Fifty-nine women graduated Monday from a health care course offered by the Afghan Red Crescent Society a significant step for a nation where women had been banned from education under the radical Taliban regime and where medical care is sorely deficient.

Monday's graduates from the Afghan Red Crescent Society's course in basic health care are all teachers who are expected to go back to their villages or neighborhoods and teach other women health care practices such as the necessity of childhood vaccines or how to treat children suffering from diarrhea, a leading killer of children in Afghanistan.

Except for one class of 25 women taught in secret under the Taliban, the Afghan Red Crescent Society had not been allowed to train women in Afghanistan since the Taliban took power in 1996. The teacher of that class was arrested by the Taliban and threatened with prison for educating women, said Grethe Ostern of the International Federation of Red Cross and Red Crescent Societies, which helped lead the seminars.

The women — 32 in the capital of Kabul and 27 in the northern city of Mazar-e-Sharif — will join 10,000 male volunteers already working in the country to help in first-aid.

"We women should be able to serve our country and we should be able to help out in this time of distress," said Yasemin Yusifzai, the newly appointed second vice president of the Afghan Red Crescent Society. She is the only woman in a leadership role in the organization. "It is time for women to step forward."

Under the Taliban, women were barred from working except in health care. None of the teachers who attended the course was able to work until the collapse of the Taliban rule in the capital in November.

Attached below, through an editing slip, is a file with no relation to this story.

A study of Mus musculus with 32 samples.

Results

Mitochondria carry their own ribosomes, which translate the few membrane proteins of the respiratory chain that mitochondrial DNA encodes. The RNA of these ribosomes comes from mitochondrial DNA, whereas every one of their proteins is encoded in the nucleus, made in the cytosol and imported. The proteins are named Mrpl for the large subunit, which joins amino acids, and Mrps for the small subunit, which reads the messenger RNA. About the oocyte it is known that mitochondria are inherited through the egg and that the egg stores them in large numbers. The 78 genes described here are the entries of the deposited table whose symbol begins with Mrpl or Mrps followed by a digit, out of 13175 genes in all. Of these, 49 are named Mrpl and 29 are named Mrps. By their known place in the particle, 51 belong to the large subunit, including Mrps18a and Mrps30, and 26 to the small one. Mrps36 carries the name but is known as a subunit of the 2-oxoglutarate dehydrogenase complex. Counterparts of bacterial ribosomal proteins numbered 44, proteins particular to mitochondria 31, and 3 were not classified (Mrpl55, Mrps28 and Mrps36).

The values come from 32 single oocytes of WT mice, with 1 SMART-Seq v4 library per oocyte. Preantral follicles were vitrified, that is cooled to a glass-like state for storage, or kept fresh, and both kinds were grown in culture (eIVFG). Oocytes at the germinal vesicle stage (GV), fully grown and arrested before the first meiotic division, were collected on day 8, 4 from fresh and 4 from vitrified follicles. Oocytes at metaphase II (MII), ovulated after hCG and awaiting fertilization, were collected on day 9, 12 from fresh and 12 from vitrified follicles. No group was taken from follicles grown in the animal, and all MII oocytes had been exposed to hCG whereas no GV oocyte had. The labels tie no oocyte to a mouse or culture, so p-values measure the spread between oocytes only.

Each graduate on Monday received a certificate and a first aid kit with bandages and other supplies.

In other developments:

• Afghanistan's interim president, Hamid Karzai, reopened his country's embassy in the United Arab Emirates Monday, the official Emirates News Agency reported. Karzai raised Afghanistan's flag in a hotel in the capital Abu Dhabi in the presence of Emirates Foreign Ministry officials. The Emirates was one of only three countries to have diplomatic relations with the hard-line Taliban and cut them off soon after the Sept. 11 attacks in the United States. The other two countries were Pakistan and Saudi Arabia.

• German Defense Minister Rudolf Scharping headed for Kabul on Monday to visit German troops taking part in the Afghan protection force and inspect an air base along the way that the Germans are setting up in neighboring Uzbekistan.

• The World Health Organization is using donkeys and helicopters to distribute emergency medical supplies to remote parts of Afghanistan where basic health care is woefully inadequate.